Sen. Jeff Merkley became the first Democratic senator to say he’ll vote against nominating Ben Bernanke for a second term, saying that the Federal Reserve chairman has prioritized Wall Street over Main Street.
He joins three Republicans — Jim Bunning of Kentucky, Jim DeMint of South Carolina and David Vitter of Louisana — who have announced their plans to vote against Bernanke. Independent Bernie Sanders has also indicated that he plans to oppose the Fed chair’s nomination. John McCain, a Republican from Arizona, announced at a news conference on Wednesday that he is “leaning against” Bernanke’s confirmation.
Merkley, an Oregon senator and member of the Senate Committee on Banking, Housing and Urban Affairs, released a statement, in which he said that Bernanke “failed to recognize or remedy the factors that paved the road to this dark and difficult recession. Following our economic collapse, it is also apparent that he has not changed his overall approach to prioritizing Wall Street over American families.”
Here is the rest of his statement:
“Our nation is just beginning to emerge from the greatest financial crisis since the Great Depression, and there is no guarantee we will continue on the road to recovery over the long or short terms. Unemployment remains far too high, credit is unavailable to too many businesses, and families are plagued by falling home prices and high foreclosure rates. Even as we move forward with our efforts to get our economy back on track, it is critical we carefully examine what led us to this point.
“For too many years, federal regulators turned a blind eye to signs of an impending financial crisis. Tricks and traps proliferated in the credit card and consumer lending industries. Predatory mortgage loans exploded, fueling an unsustainable housing bubble. Regulators lifted rules requiring banks to keep adequate capital, and a laissez-faire approach to securitization, derivatives, and proprietary trading encouraged excessive risk-taking on Wall Street. As a member of the Board of Governors, Chair of the Council of Economic Advisers, and then ultimately as Chairman of the Board of Governors, Dr. Bernanke supported each of these decisions, failing to take the necessary precautionary steps that could have averted or mitigated financial collapse.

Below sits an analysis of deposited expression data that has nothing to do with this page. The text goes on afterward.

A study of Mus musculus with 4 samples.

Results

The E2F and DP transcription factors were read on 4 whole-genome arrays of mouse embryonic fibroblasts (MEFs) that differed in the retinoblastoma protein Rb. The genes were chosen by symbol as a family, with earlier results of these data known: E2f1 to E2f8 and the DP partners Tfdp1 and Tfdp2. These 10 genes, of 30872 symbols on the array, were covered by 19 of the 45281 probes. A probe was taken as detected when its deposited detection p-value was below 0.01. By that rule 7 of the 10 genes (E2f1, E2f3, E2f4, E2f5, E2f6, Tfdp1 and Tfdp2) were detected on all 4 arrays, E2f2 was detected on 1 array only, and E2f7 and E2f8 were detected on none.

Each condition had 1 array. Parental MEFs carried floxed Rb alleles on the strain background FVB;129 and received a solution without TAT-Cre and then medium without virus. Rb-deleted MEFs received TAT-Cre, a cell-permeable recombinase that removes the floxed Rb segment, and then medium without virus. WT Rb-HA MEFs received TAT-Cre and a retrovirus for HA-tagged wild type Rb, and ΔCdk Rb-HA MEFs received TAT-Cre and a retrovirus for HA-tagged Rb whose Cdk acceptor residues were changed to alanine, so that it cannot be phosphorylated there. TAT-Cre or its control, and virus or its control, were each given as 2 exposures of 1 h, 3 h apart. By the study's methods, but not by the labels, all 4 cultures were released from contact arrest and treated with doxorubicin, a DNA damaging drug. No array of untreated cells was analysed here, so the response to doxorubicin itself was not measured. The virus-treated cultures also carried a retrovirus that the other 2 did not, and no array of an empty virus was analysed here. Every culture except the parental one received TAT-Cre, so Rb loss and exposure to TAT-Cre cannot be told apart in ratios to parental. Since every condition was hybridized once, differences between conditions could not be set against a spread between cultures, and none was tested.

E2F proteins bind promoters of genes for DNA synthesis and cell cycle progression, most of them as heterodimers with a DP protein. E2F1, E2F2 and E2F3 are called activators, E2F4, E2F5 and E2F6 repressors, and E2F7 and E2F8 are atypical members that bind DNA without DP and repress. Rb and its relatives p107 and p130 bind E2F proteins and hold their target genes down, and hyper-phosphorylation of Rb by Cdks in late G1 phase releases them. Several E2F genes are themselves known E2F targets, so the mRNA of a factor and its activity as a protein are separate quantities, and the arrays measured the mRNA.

“These failures are very relevant to the future. We need economic leaders who understand that the ultimate goal of economic policies and the key to meaningful economic recovery should be financially successful families, not oversized Wall Street profits.
“Indeed, it should be recognized that although Wall Street prospered in the short-term from reduced leverage requirements, securitization of faulty mortgages, and the explosion of derivatives, Americans did not. The expansion that occurred from 2002 to 2007 became the first economic expansion in which working families were worse off at the end than at the beginning. This is not a path that we can afford to travel again.”